Liam Blignaut

Liam Blignaut’s competitive streak is offset by the impact of contributing to something bigger than the self…

It was football – and his mother – that shaped Liam Blignaut’s resilience and inspired him to never back down from what it takes to win.

Born and raised in Grassy Park, Cape Town, Liam and his older brother were raised by their single mother, a business owner who ran her own crèche and day-care centre. He was inspired by his mother’s dedication to what was important to her. “She was up every morning at 4am, taking everything in her stride and getting on with what she needed to do to take care of her family and her business,” he says.
“My mom continues to inspire me. The main reason she started the crèche was because she was a single mom with no one to look after her children,” he says. “From there it grew… She now has about 70 children and is in the process of transforming her crèche to the Waldorf method.”

Liam attended Grassdale High School in Grassy Park. It was Miss October, his maths teacher in Grade 8 and 9, who inspired, motivated and developed his desire to excel, he says. “She pushed me to study harder in maths, and because of her I applied that effort to all my subjects. She instilled the belief in me that I could achieve a lot more than I was currently doing,” he says.

He describes himself as “extremely competitive”. He remembers this starting in Grade 8 when one of his closest friends began getting better grades than him. “I wasn’t going to allow that to happen again, so I started working harder to beat her, which I then did,” he says. His competitive streak spurred him on to win many awards for academics throughout his school and university career. “I’m not one to brag, but I owned most of the awards,” he adds.

Liam graduated in 2017 with a B.Com in Information Systems from UCT. “I chose this degree because of the countless opportunities that it would create for me in the technologically advanced world that we are now living in, and because problem solving is what I am good at and which now plays a huge role for me in the working world,” he says.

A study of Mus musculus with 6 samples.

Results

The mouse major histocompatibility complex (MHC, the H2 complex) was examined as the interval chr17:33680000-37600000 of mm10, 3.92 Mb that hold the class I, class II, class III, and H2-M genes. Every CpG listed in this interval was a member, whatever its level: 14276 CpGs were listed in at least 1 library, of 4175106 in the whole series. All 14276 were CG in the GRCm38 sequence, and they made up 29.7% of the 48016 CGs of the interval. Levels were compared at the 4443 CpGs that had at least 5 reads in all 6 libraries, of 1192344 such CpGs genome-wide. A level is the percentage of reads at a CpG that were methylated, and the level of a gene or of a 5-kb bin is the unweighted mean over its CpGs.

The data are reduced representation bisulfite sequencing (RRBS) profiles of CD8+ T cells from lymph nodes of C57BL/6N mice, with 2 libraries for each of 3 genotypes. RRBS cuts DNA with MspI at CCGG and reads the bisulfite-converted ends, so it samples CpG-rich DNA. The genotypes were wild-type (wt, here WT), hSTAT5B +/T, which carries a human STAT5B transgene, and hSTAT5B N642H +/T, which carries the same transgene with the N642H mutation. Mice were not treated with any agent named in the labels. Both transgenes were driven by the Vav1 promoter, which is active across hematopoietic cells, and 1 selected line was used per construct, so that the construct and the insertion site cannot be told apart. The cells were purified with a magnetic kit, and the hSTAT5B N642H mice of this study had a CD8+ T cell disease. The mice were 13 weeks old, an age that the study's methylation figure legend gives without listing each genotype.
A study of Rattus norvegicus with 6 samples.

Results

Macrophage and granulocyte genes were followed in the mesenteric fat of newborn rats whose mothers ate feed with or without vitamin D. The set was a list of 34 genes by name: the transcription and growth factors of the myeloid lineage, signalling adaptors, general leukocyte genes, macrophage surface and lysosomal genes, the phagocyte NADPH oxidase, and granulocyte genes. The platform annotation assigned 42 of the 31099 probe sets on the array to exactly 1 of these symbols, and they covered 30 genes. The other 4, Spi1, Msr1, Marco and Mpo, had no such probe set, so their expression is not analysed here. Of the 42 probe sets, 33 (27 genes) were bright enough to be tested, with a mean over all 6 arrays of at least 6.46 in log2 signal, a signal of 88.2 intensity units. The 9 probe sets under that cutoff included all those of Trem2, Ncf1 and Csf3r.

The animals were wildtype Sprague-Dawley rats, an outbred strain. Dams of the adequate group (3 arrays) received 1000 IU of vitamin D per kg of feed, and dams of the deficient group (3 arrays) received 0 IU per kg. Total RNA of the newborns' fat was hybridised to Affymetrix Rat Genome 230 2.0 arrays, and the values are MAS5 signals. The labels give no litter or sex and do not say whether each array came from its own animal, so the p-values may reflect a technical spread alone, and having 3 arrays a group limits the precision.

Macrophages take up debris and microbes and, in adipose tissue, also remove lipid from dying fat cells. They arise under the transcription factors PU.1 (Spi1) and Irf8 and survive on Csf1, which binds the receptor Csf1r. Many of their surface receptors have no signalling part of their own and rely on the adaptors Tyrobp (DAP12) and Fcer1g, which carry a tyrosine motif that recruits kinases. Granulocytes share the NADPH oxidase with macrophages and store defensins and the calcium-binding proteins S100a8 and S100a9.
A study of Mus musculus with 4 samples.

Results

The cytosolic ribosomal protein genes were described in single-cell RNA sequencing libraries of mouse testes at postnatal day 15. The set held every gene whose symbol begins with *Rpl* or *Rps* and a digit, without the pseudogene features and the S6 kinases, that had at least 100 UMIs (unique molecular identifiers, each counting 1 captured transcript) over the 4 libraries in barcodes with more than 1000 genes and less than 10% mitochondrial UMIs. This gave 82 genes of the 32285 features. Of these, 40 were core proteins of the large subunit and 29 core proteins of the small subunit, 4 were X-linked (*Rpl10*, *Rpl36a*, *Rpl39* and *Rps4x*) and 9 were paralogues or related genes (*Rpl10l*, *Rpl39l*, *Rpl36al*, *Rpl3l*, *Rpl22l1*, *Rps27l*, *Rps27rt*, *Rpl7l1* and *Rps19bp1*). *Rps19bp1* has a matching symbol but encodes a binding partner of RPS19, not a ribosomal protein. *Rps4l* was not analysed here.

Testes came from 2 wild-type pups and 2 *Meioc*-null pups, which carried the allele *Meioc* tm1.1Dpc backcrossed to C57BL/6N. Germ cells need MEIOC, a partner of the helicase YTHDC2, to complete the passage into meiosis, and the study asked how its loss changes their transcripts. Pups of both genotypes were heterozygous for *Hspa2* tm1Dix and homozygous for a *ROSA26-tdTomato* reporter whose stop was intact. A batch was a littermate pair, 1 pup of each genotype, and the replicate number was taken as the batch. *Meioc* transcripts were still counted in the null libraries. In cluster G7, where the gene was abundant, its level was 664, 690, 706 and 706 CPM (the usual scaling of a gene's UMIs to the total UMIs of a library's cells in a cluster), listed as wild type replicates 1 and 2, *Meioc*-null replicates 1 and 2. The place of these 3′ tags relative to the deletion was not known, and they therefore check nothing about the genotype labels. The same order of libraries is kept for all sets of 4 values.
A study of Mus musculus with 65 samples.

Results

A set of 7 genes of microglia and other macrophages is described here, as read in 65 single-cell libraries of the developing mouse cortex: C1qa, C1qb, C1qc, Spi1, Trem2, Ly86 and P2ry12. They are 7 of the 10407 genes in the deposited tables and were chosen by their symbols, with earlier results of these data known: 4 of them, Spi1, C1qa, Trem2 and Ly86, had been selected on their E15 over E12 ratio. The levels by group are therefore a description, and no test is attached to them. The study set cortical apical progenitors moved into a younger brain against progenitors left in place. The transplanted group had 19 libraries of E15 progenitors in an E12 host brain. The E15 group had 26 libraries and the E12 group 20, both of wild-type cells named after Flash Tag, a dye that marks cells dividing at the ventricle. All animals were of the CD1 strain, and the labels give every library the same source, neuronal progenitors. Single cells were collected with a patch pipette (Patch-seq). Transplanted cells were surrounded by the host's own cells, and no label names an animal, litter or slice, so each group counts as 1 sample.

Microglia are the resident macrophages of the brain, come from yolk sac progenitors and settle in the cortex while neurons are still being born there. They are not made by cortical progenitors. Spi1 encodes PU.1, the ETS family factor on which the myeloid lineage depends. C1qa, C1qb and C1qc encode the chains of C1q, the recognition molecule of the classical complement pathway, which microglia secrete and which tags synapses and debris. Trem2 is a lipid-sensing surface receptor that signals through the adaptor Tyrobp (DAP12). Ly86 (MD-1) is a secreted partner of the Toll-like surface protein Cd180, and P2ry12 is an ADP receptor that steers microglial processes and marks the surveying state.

He started work as a junior software developer with Digital Outsource Services at the beginning of 2018. His job is his “utmost priority” at the moment, as he is focused on becoming an intermediate software developer by the end of the year.

He enjoys the financial independence that comes with the job and the ability to take care of his financial obligations and those of others, if need be. Liam describes himself as solutions-oriented and loves the stimulation of the project he’s currently working on in the data-mining field, specifically the problem solving.

Aligning with the Moshal values of giving back, Liam also runs Saturday maths tutorials for local high school students from disadvantaged backgrounds. “I feel maths is very helpful to build problem-solving skills, so the better the students do at maths in high school, the better chance they’ll have of getting into university, for any field of study,” he says.

Liam finds his tutoring work rewarding and enjoys being able to help students to achieve their academic goals. “I always ask my students, before we start, what their goals are. And then I make them aim even higher because I know that they can do better than they believe they can,” he says.

Liam is keen to further his studies and considering studying part-time next year towards a post-grad qualification in Information Security. In the long-term, he has his sights set on opening his own IT business.

“It has always been my goal to have my own business. It’s something I have set for myself in the future, but right now I want to further my qualifications and gain more work experience,” he says.

Liam admits to being “crazy about football” as both a player and spectator. It’s his dream to travel overseas to watch a Champions League game. “I got the football bug and started playing when I was 10. It was a way to escape from the gangsterism and problems in the neighbourhood. It was a better way to spend my time,” he says.

Liam says football helped him to build resilience. “I’m a stubborn person and football inspired me to never back down and to keep doing what it takes to win,” he says. “Being part of a team, contributing to something bigger than yourself has also had a big impact on me. Teamwork makes the dream work,” he adds.

He will always be grateful for being accepted into the Moshal Scholarship Program and what it has given him. “Knowing that you can study at the best university in Africa and have the best scholarship in South Africa back you, well, it was just the icing, sprinkles and Nutella spread on the triple chocolate cake.”